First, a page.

Article Category: Weekend Reviews

Public Speaking Tips: Weekend Review [2010-02-20]

Week In Review

Six Minutes weekend reviews bring the best public speaking articles to you.

This review features topics including:

  • frequently asked questions about Toastmasters;
  • tactics for persuasive speaking;
  • speechwriting tips;
  • storytelling help from a Google ad;
  • Obama’s State of the Union address;
  • hands in the pockets;
  • visual clichés;
  • Sarah Palin and notes on her hands;
  • the believability of Tiger Woods’ apology;
  • and more!

From the Six Minutes Archives

    Click the PDF speech transcript which she attaches at the end of her article. It’s worth a thorough read.

My message to you today is simple – speeches matter.

In the political world, they can win votes, start wars or inspire a generation.

In the business world, they can attract customers, boost sales, motivate employees, influence investors, position individuals as thought-leaders and companies as pace-setters.

If you want to communicate passion, clarity of purpose, and a call to action, nothing beats a speech. Nothing else gives your message a human face.

  • Lisa Braithwaite rates the effectiveness of the Google “Parisian Love” ad (aired during the Super Bowl) against the recommendations from Made to Stick.

  • Terry Gault delves into the elements of effective stories, also commenting on the Google ad.
  • Reveal something personal about yourself, the presenter. What are you really like? What is the company really like?
  • Use humility and vulnerability to build empathy. Don’t relate a personal success; instead, describe a personal difficulty so the audience will empathize with you.
  • Choose an incident or emotional experience – a common reference point – with which the audience can identify.
  • Develop characters for your story and make them come to life. Let the audience see the emotions of the characters in your story.
  • Nick Morgan critiques Barack Obama’s State of the Union address.

This new tone represents a remarkable departure for President Obama.  The cynical would say, a new speechwriter got the SOTU assignment.  But presidents control their rhetoric, and they pay particular attention to the State of the Union, since it’s the one speech that everyone listens to each year.  So the new tone is deliberate.

Delivery Techniques

  • Laura Bergells criticizes the “hands in your pockets” posture.

It’s the lackluster “hands in pockets” gesture made popular by the slacker dufus in those “I’m a PC” commercials. He’s the guy whose posture represents disinterest. He has nothing to do, so he stands with his hands in his pockets, listening to what the more entertaining fellow has to say.

“Hands in Pockets” might be appropriate during the “Q” part of “Q and A”. It can signal, “I’m open to listening to you”.

But it’s not a polite posture to adopt while speaking.

Visual Aids

  • Jan Schultink (via Nikki Smith-Morgan) points to 101 visual clichés.
    How many have you used?
  • The light bulb
  • The tape measure
  • The crystal ball
  • The stopwatch
  • The baton

Speaker Habits

  • Stephanie Scotti suggests the S.T.A.T. formula for speaker introductions.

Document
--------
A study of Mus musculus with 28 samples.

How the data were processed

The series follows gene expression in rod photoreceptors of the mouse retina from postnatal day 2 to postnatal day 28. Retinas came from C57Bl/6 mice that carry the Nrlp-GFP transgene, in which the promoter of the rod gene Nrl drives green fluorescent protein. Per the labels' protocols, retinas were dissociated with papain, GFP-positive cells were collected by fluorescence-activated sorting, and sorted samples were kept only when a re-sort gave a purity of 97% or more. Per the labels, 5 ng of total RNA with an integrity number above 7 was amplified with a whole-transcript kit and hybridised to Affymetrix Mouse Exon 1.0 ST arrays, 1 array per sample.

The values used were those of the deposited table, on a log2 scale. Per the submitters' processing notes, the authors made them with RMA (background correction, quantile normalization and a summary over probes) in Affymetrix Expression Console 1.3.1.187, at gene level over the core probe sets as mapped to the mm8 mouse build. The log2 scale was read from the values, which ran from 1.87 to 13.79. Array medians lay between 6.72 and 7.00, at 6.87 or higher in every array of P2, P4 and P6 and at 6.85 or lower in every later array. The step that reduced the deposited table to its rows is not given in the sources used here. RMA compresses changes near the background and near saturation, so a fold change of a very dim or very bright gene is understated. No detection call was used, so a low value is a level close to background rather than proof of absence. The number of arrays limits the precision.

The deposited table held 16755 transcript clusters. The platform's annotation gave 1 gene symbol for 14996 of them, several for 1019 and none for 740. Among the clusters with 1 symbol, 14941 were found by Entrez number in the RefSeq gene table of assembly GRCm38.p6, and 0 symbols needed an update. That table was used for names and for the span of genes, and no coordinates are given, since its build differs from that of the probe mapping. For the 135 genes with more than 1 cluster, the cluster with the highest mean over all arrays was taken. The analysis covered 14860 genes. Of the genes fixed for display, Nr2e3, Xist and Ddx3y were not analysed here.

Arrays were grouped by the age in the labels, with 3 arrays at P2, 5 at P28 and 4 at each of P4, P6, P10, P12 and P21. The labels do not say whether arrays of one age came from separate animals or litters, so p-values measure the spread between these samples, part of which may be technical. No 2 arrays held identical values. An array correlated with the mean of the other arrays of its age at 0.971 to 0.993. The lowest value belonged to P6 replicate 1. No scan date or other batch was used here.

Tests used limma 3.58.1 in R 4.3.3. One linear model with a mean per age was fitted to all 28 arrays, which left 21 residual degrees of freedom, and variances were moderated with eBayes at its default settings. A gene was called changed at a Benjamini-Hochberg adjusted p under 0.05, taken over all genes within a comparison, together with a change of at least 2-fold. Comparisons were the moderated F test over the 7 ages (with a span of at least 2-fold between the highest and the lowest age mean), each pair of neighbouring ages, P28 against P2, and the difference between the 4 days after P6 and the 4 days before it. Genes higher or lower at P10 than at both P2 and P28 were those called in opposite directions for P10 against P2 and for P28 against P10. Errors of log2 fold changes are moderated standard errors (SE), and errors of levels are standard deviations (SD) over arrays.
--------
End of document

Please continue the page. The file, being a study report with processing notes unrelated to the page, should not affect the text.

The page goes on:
Speaker — Why this speaker?

Topic — Why is this topic being discussed?

Audience — Why is this topic important to this audience?

Time — Why this subject at this time?

Sarah Palin and Notes on her Palms

First, the video showing Sarah Palin use of notes written on her hand:

  • Jerry Weissman discusses the media debate about Sarah Palin’s palm reading, shown below.

Nancy Benac of the Associated Press summed up the sharp exchange on the subject, “Obama’s critics point to his podium and teleprompter as evidence of [his] disconnect. Palin’s critics point to her flesh-and-ink crib notes as one more sign she’s a lightweight. Or maybe all these two have shown is that they’re human and need a little help remembering key points.”

  • Scott Berkun puts the focus back where it belongs.

I’m all for criticizing speakers for the quality of their ideas. Ask if the points they make are clear, and smart, and fair, and useful.  Consider if they seem to believe what they say and passionately care about being useful to their audience. These are the questions that matter. Few speakers are able to do this with or without teleprompters or crib sheets.

Getting caught up in the trivia of props and prompters is a a complete distraction. I wish it would stop.

Critiques of the Tiger Woods Apology

View Tiger Woods’ apology statement yourself:

  • Bert Decker assesses the strengths and weaknesses of Tiger’s apology.

Although it was painful for Tiger Woods to have his giant size ’statement’ this morning, the key question is: was he believable? Oh, we want facts (is Elin leaving? when is he returning to golf? is he staying in rehab?, etc) but that information we could get from his web page, where he has announced everything else. We want to see him. We want to hear and ‘feel’ him to judge for ourselves.

  • Theresa Zagnoli dissects the Tiger Woods apology statement.

As a communication expert, the Tiger Woods media statement today provided much to dissect. As a student of human behavior, there is much to discuss. As a human being, there is a great deal to ponder.


  1. Patricia Cotton says:

    excellent as usual. I was impressed with the Tiger speech as I did not get to see or hear it, and the remarks by all are good.
    You do know how to keep your website intersting, informative and reasonably priced…thank you very much!